Earthworm Anatomy

Body wall

  • The body wall of earthworm has an external covering of a thin, flexible cuticle.
  • The cuticle has many perforations, though which epidermal glands release their secretions.
  • The epidermis consists of
    • Columnar cells (supporting cells)
    • Glandular cells (which secrete mucus)
    • Sensory or receptacle cells (receives various types of stimuli)
    • Basal cells (present between columnar cells)
  • Setal sacs are also present in the epidermis.
  • There are two layers of muscles beneath the epidermal layer.
  • The outer layer is composed of circular muscles.
  • The inner layer is made of longitudinal muscles.
  • The innermost layer of body wall is the coelomic epithelium.

Digestive system

  • The digestive system is complete with mouth and an anal opening.
  • Thus, the body plan is tube-within-tube plan.
  • The mouth opens into the buccal cavity (segments 1 and 2).

  • The buccal cavity leads into a thick muscular pharynx which occupies the 3rd and 4th segments. It is surrounded by pharyngeal glands.
  • The pharynx follows a small narrow tube called oesophagus (5-7 segments), which continues into a muscular gizzard (8-9 segments).
  • Gizzard helps in grinding the food which is mostly soil particles, decaying leaves and other organic matter.
  • The stomach extends from 9-14 segments.
  • Stomach contains calciferous glands, which can neutralise the humic acid present in humus.
  • Intestine extends from 14nth segment to last segment.
  • In the 26th segment, a pair of short and conical intestinal caecae projects from the intestine.

  • The end parts of intestine possess several internal median folds of dorsal wall called typhlosole. This increases the effective area of absorption in the intestine.
  • The alimentary canal ends in a small rounded aperture called anus.


  • The excretory organs are coiled tubules called nephridia.
  • They are present in each segment (except 1 and 2).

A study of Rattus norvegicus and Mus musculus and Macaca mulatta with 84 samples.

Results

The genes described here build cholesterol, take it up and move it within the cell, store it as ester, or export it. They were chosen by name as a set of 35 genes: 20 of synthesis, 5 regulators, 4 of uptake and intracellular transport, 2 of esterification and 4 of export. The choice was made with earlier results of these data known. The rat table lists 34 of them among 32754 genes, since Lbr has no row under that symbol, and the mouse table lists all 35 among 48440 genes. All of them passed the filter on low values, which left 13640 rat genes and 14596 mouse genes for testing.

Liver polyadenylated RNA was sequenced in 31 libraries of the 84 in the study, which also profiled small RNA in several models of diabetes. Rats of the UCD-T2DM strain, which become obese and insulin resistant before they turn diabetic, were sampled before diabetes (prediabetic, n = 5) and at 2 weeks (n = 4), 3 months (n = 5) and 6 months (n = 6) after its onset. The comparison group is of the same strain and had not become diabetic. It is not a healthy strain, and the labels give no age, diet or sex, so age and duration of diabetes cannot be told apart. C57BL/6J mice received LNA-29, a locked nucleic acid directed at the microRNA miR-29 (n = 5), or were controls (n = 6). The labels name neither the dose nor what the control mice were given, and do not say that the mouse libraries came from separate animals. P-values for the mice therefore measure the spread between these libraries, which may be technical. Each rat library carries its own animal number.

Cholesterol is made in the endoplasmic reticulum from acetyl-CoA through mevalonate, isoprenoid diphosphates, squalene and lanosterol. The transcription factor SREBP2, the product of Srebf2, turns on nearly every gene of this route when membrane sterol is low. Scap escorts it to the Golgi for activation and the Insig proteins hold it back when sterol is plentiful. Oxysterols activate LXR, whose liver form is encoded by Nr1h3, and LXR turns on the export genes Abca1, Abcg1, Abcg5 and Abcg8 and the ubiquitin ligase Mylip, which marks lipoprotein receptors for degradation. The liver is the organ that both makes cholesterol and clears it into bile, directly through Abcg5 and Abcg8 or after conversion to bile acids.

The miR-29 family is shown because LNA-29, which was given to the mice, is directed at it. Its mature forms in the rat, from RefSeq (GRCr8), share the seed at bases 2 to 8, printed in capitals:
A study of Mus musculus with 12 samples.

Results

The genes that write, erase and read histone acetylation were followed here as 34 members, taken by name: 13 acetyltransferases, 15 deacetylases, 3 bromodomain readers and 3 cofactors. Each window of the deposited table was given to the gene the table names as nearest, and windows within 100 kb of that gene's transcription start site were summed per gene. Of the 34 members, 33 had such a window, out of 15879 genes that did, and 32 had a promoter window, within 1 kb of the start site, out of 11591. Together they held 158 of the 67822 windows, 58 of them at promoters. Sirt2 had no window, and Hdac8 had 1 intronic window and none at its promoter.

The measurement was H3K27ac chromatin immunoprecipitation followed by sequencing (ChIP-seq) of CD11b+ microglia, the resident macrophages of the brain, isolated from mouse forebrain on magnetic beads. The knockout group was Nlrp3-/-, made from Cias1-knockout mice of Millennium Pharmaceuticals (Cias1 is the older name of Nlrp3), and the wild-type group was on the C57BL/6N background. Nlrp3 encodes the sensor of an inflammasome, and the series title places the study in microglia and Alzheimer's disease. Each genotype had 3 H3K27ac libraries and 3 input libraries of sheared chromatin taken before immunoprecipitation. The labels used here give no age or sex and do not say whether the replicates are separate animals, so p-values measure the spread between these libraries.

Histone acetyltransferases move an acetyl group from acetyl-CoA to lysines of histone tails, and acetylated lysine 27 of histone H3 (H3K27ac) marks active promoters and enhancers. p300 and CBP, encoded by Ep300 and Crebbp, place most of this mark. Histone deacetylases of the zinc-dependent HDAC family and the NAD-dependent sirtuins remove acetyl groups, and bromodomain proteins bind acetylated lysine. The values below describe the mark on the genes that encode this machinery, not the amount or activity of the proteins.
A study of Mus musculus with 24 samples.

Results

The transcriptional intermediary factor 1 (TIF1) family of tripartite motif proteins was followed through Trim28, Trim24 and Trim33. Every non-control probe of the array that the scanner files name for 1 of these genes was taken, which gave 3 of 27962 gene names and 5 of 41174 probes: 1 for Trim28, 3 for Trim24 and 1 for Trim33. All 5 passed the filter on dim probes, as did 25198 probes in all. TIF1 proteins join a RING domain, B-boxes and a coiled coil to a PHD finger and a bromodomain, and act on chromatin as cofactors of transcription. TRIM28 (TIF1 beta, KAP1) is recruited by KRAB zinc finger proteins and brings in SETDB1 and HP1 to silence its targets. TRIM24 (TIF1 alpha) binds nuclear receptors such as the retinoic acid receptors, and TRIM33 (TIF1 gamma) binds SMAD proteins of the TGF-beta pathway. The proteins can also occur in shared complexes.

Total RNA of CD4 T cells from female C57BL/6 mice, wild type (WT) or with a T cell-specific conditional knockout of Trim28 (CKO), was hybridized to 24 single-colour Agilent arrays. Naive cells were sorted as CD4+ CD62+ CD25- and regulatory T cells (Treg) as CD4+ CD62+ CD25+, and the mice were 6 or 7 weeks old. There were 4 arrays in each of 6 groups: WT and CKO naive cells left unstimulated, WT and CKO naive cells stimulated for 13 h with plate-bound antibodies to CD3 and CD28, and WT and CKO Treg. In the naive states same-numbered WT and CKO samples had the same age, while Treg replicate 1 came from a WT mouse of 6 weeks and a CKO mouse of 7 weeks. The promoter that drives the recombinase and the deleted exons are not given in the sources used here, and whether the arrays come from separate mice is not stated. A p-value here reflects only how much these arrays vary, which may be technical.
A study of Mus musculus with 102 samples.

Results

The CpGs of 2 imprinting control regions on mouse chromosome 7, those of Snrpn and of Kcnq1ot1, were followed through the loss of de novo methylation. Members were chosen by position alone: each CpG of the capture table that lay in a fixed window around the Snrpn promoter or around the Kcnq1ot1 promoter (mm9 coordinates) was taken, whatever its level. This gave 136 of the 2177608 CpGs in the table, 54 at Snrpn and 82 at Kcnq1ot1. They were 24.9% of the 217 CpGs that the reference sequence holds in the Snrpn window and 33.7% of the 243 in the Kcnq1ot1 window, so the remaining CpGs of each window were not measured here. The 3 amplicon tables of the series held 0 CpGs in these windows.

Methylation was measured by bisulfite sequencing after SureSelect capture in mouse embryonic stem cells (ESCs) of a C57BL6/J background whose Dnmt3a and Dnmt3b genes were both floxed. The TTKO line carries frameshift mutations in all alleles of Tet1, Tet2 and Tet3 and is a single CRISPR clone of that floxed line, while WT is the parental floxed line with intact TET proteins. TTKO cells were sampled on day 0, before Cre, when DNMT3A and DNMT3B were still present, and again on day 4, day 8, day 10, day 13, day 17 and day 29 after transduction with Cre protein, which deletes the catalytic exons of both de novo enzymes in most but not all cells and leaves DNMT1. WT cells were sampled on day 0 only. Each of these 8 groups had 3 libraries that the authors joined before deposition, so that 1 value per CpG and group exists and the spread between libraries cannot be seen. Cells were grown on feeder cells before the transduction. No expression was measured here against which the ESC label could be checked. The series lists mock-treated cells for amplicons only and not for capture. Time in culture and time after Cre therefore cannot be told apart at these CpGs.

• There are 3 types of nephridia:

    • Pharyngeal nephridia:  They are found in pairs in the fourth fifth and sixth segments.
    • Integumentary nephridia: These are found attached to the inner surface of the body wall from the third segment the last segment.
    • Septal nephridia: These are found from segment 15 to the last segment. They open into the intestine.
  • Functions of nephridia: Regulation of volume and composition of the body fluids.
  • Structure of nephridia:

    • Initial part of nephridium is a funnel shaped structure called nephrostome. It collects excess fluids from the coelomic chamber.
    • The funnel leads to a tubular part called nephric tube which delivers the collected wastes into the digestive tube.
    • The wastes are expelled from the tubes through an external opening called nephridiopore.


Nervous system

  • The Nervous system in earthworm consists of
  • A cerebral ganglion (circumpharyngeal nerve ring)
  • A double ventral nerve cord (extending  from the fourth segment to the last segment)

  • The nerve cord bears segmental ganglia from which paired lateral nerves arise.
  • The nerve cord code in the anterior region (third and fourth segments) bifurcates, encircles the pharynx laterally enjoins the cerebral ganglia dorsally to form a nerve ring.


  • Earthworms don’t have specialised breathing devices.
  • Gas exchange occurs between the bloodstream and the moist body surface.


  • Blood vessels absorb the oxygen and carry it to the body parts.



Earthworm has closed type of blood vascular system or circulatory system. It consists of blood vessels, capillaries and a heart.

  • The blood is confined to the heart and blood vessels (since closed type of circulatory system is present).
  • Contractions of heart keep blood circulating in one direction.
  • Blood glands are present on the 4th 5th and 6th segments.
  • The blood glands produce blood cells and haemoglobin which is dissolved in the plasma.
  • Blood cells are usually phagocytic in nature.


Sensory system

  • The Sensory system in earthworm is composed of light, touch and chemoreceptors.
  • They do not have eyes. Instead, they have light receptor cells (photo receptors) which can distinguish lights of different intensity.

  • Receptor cells present in the epidermis (touch / epidermal receptors) helps to feel the vibrations on the ground.
  • They possess specialised chemoreceptors or taste receptors (buccal receptors) that respond to chemical stimuli.

  • All these sensory organs are present on the anterior part of the body.


  • Earthworms are called ‘friends of farmers’ because when they dig burrows in the soil, make the soil porous and soft.
  • This in turn health helps the plants penetrate deeper into the soil and also aids in their respiration.
  • In addition earthworms convert the dead organic matter in the soil into humus which increases the fertility of the soil.
  • Earthworms are commercially used in the production of vermicompost.  It is also one of the commonly used baits in fishing.